From gels and creams to pomades and polishes, choosing the right styling products can be confusing — even overwhelming.
Just as no two curls are exactly alike, hair-care companies are working hard to make sure their styling products aren't exactly alike. And with new products churning out at a dizzying pace, even the savviest curly girl can spiral into a frizzy tizzy.
Wondering how to keep up? Curl-centric stylists help sort it all out in this time-saving guide to rock your curls with the right product for your texture.
What it does: Coats the hair, holds curls in place
How to use it: "Put it in the hair before you do any drying, scrunch the hair lightly, and let it dry," says Ethan Shaw, a stylist with James Allan Salon in Austin, Texas. "After it's dry, flip your head over, and lightly tousle your hair at the roots to break up the crunchiness."
Best suited for: All curl types, but Type 2 (wavy hair) should just use a little, while Type 3 and 4 curlies need to use more
What it does: Plumps up curls, adds volume
How to use it: Apply it in the same way as gel
Best suited for: Type 2
What it does: Serves as a setting agent and leave-in conditioning product
How to use it: "It usually can give the control of a gel with the softness of a leave-in conditioner. Generally, if a curly girl is going to use just one product in her hair, this will be the one," Shaw says.
Best suited for: Type 3 and 4, although there are versions for different curl types
What it does: Controls flyways after curls are styled and dry
How to use it: "It adds just a touch of moisture and should be applied sparingly, from the ends up," says Christine Williamson of Carriage House Salon & Spa in Cam-bridge, Mass. "It's best not to touch the root area."
Best suited for: All curl types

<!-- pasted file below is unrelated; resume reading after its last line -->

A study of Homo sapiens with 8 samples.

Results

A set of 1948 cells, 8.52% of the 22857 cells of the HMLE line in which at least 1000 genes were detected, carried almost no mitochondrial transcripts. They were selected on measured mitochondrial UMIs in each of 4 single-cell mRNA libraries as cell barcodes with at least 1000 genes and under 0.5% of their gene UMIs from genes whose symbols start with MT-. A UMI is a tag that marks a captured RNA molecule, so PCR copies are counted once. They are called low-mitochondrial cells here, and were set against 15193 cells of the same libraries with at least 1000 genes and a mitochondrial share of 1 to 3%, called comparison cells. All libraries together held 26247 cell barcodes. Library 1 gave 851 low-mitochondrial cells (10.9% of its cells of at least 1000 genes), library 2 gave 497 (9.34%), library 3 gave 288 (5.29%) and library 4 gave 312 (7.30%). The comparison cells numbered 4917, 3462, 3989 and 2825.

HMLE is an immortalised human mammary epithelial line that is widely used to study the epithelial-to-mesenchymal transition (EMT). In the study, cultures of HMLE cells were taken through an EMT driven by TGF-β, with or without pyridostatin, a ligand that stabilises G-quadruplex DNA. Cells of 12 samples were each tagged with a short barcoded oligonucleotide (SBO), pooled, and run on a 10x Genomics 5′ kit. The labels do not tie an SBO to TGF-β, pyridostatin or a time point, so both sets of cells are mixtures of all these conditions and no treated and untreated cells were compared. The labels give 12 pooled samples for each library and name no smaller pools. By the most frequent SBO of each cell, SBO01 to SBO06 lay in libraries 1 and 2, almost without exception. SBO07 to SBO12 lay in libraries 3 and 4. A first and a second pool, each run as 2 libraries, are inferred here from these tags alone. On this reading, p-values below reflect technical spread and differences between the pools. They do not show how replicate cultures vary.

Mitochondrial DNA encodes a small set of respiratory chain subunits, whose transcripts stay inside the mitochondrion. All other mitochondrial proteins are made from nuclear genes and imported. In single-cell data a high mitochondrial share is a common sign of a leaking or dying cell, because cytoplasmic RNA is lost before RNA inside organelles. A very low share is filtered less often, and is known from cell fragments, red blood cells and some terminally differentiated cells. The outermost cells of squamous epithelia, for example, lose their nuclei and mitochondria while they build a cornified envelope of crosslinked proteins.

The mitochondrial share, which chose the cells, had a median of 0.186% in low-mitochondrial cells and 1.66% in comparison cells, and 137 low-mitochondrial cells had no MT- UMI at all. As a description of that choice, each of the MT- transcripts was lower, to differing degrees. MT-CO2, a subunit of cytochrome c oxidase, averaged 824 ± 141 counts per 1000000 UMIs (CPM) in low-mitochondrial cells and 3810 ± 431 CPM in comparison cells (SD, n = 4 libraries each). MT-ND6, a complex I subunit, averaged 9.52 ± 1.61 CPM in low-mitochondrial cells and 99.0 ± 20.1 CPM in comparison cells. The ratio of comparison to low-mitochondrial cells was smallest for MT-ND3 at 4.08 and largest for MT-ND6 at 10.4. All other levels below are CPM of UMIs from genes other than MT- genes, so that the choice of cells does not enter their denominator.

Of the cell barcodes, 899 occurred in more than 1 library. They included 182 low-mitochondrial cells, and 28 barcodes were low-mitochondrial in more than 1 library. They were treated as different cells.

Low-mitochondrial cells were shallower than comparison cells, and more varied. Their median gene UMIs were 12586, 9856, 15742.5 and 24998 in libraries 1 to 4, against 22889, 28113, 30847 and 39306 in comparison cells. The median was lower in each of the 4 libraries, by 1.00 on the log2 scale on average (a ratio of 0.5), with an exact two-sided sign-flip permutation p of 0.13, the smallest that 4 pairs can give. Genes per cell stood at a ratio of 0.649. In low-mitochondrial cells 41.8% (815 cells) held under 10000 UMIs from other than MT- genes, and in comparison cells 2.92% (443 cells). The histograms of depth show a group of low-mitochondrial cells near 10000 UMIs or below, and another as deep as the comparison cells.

How to use it: "Curl Type 2s should use a light spritz . . . during the course of a day, or when they get up in the morning. Type 3s and 4s should use heavier, oil-based products for extra control," Shaw says. "But don't use this as your only styling product, just as an extra layer."
Best suited for: All curl types
What it does: This weighted curl creme helps to stretch out and elongate curls
How to use it: "Apply to wet, detangled curly hair and allow to air dry or use an over-head dryer," says Titi Branch, managing director of Miss Jessie's, a product line for textured and naturally curly hair.
Best suited for: Finger-styling 3B and 3C curl types with medium to thick texture. Also, Type 4 curlies, with medium to thick texture, can use it for shingling and two strand twists, according to Branch.
What it does: Creates piecey looks, offering hold and separation
How to use it: Waxes can be more greasy with high shine, pomade has less hold and high shine, and paste tends to be more matte and dewy
Best suited for: All curl types with medium to thick textures. "For dry, color-treated hair, you can use the wax sparingly," says Rodney Cutler of New York’s Cutler Salon. "If it's fine, but not that dry, and you need a bit of separation, you can use a paste."
What it does: Moisturizes and plumps tightly coiled curls, without a greasy residue
How to use it: "Coat natural hair that is particularly dry, and it will make it more manageable," Branch says.
Best suited for: Curl types 3C to 4C
What it does: Adds shine, minimizes frizz.
How to use it: With serums, apply a small amount when hair is dry, but only very sparingly – and only mid-shaft down. Polishes can be used a bit freer. "Serums tend to be more silicone-based and very concentrated, while polishes are often a cream-based product that is easily distributed through the hair and has oil in it to create the shine," says Cutler.
Best suited for: All curl types with medium to thick textures. Curlies with fine hair, which is easily weighed down, should avoid serums or apply a teeny-tiny amount.